Recent 2015 FCW Rising Stars award winner, Lindsay Burack, got a taste of government work while working on the Hill and then delved deeper into user experience (UX) design with a position at a DC startup. In 2013 she started at Sapient as an information architect on the National Cancer Institute’s Cancer.gov redesign project, combining her passions for serving the public good and creating user-friendly web design. Lindsay and her team not only reduced and combined the online content by 75%, but more importantly made it easier for cancer patients and their families to find and understand the information they needed, empowering them with health information. "I love that here I get to do tech work and user experience and all that stuff that's really interesting to me, but I still get to do something good for the world in the public sector," Lindsay said. "That's really the best part...about this job."
Recognizing this dedication and effort in Federal IT, FCW featured Lindsay’s story and passion for working in the public sector as part of her “Rising Star” award win. Read the full article from Bianca Spinosa at below or on FCW here.
"I got to see the inner workings of a new-age startup," Burack said. "It was a really small group at the time. It was all hands on deck."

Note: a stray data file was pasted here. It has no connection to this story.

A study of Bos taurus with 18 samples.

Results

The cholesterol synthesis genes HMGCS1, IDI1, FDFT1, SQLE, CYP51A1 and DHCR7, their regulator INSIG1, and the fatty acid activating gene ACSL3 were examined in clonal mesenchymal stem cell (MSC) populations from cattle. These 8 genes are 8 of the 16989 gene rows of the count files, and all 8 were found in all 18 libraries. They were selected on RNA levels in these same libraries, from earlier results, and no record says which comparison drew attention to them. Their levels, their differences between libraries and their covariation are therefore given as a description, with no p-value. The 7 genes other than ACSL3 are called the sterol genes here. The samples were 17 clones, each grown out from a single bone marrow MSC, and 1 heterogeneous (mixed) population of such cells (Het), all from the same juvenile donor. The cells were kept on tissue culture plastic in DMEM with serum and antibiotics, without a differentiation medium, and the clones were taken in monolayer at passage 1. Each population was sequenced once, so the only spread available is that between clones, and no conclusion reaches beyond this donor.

She loved focusing on the user experience, but missed government. So in early 2013, Burack joined Sapient Government Services as an information architect, and ultimately got to work on the National Cancer Institute's Cancer.gov website. She helped streamline the site to make it work better on mobile devices, and she rewrote content and removed old and duplicated information. In the end, she pared the site's 24,000 pages down to 6,800 and built in support for social sharing.
The revamped site that launched in May is much more accessible to the approximately 40 percent of users who visit it via mobile devices.
"It was gratifying on many levels," Burack said. "I'm so proud to know that we've made it easier for cancer patients, researchers and advocates to find information." Like many people, she has loved ones who have battled cancer, including a young cousin with breast cancer.
Managers at Sapient said Burack and her team transformed the customer experience because they understood the importance of getting cancer-related information to people in a way that is empowering. She continues to make improvements to Cancer.gov based on analytics and user feedback.
As for companies that might try to lure her away from government, Burack said she intends to continue working in the public sector.
"I love that here I get to do tech work and user experience and all that stuff that's really interesting to me, but I still get to do something good for the world in the public sector," she said. "That's really the best part...about this job."
Burack's advice for others with similar interests -- and particularly for women eyeing careers in tech -- is to be passionate, know your strengths, and learn as much as you can from the mentors and core senior people around you.
"Not holding back, putting in the extra work and really caring about your work -- I think that can definitely propel any woman forward," she said.